Ghazal #54, Divan-e-Hafez (Khanlari)

منم که گوشه میخانه خانقاه من است
دعای پیر مغان ورد صبحگاه من است

گرم ترانه چنگ صبوح نیست چه باک
نوای من به سحر آه  عذر خواه من است

ز پادشاه و گدا فارغم بحمدالله
کمین گدای در دوست پادشاه من است

غرض ز مسجد و میخانه ام وصال شماست
جز این خیال ندارم خدا گواه من است

ازان زمان که برین آسان نهادم روی
فراز مسند خورشید تکیه گاه من است

مگر به تیغ اجل خیمه بر کنم ور نی
رمیدن از در دولت نه رسم و راه من است

گناه اگر چه نبود اختیار ما حافظ
تو در طریق ادب کوش و گو گناه من است


Translation by Dick Davis, from “Faces of Love- Hafez”:

A corner of the wine-shop is
the temple where I pray;
My morning plea’s the prayer
the Zoroastrians say;

And if I miss the harp at dawn
I needn’t worry now-
My waking song’s my prayerful sigh
and my repentant vow.

Thank God I care for neither king
nor beggar! since I see
The poorest beggar at my friend’s
door is a king to me.

All I require from mosque and wine-shop
is to know your love;
As God’s my witness, this is all
that I’ve been dreaming of-

And since I’ve bowed my head down to
this threshold, I have known
The heavenly sun itself is where
I’m seated on my throne.

Until death’s dagger rends the tent
that is my life, my heart
Will not abjure his doorway- no,
I cannot now depart.

Though sin’s not ours to choose, Hafez,
keep to the disciplined
And noble way you’ve traveled on,
and say, “It’s I who’ve sinned.”

My translation:

I am he whose table at the wine-house is the Khaneqah,
And prayer to the Magian Elder is my dawn rosary.

If morning does not bring harp, song and cup- so what;
Dawn’s music is my sighing petition for grace!

I am free of Shah and beggar (at last)- praise be to God!
The meanest beggar at the Friend’s door- is my Shah.

My interest in mosque and wine-house is union with you:
I have no thought apart from this, as God is my witness.

From the moment I placed my head on your threshold,
The Sun’s throne itself has become my refuge.

Maybe by the sword of death I will strike camp- or not;
To flee from the door of fortune is not my way and custom.

Although this blame was not ours by choice, Hafez,
Strive in the way of etiquette and say, “the fault is mine.”


This ghazal is a statement of devotion to the Magian Elder,
a mysterious Zoroastrian figure often referred to in Hafez’s
ghazals, as an usurpation of both Islamic and Sufic practice:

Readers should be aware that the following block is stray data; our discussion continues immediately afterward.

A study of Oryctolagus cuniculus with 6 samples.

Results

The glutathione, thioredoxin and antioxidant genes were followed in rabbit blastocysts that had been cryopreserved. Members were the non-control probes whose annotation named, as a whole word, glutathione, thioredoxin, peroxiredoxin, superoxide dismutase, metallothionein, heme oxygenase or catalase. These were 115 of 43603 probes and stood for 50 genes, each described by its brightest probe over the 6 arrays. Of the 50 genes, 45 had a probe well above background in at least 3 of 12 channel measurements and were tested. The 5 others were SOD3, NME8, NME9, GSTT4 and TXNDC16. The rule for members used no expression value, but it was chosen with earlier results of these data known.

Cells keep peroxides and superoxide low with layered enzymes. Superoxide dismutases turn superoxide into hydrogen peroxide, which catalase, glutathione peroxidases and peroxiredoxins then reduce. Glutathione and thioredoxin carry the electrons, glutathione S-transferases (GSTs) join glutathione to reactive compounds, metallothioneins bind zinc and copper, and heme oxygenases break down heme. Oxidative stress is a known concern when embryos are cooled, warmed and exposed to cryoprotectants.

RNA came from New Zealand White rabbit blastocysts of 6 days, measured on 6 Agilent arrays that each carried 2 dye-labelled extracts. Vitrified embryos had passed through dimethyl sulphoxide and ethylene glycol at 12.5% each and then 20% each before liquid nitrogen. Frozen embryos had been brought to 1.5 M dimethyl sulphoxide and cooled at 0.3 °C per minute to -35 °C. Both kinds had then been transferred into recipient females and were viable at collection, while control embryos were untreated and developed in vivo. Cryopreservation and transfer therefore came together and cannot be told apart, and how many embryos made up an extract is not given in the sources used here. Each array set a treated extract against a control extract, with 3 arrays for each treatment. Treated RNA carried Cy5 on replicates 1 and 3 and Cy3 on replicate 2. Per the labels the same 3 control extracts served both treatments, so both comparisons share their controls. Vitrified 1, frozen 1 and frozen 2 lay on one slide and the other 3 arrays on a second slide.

He prays to the “bartender” with a religious zeal!

(Because wine is forbidden by Islam, Zoroastrians were often
purveyors of wine.)

In the second and third stanzas, the speaker indicates he no
longer has a court position amid sycophants, and declares the
sovereignty of the Friend, and the superiority of his companions.
“harp’s melody” and “cup” refer to a royal morning concert
and drinking party.

In the fourth stanza he swears by God that the value of religion
and wine is subsumed in the beloved, and in the next stanza again
compares him to supernal royalty.

In the sixth stanza, he observes that although he may die, he will
never forsake the threshold of his presence.

In the final stanza, he makes a statement that perhaps refers
to the third stanza and the circumstances of his lost position
at court, for which he ironically accepts blame. This is the ghazal’s
most ambiguous stanza. It is also perhaps a summation of the
dilemma posed by his apostasy as a “good” Muslim: he cannot
help himself- it was not a matter of will, but he should efface
himself rhetorically, nonetheless. It is also perhaps a reference to
the path of “malamati”- the path of blame, which he shares with the
Magian Elder. It is a brilliant and ironic riposte, as well, to all the
cavil that his stated position must incur, as if to say: “My friends,
I am a slave to my desire- and happy because of it.”

The first stanza begins with the declarative, “I am he…”, and the last
closes with the triumph of ambiguous wit.

Davis’ translation is a fine poetic effort that hews closely to the
Persian. He does not develop the suggestive references about
Hafez being dismissed from court, as I have done. My translation
is more literal and not so constrained by form. He nicely conveys
Hafez’s iconoclasm and wit.

This ghazal is an exceptionally bold and clear statement from the
Divan-e-Hafez about the identity of the Magian Elder as the Saqi-
the giver of Wine, the Friend, the beloved, and the sovereign Master.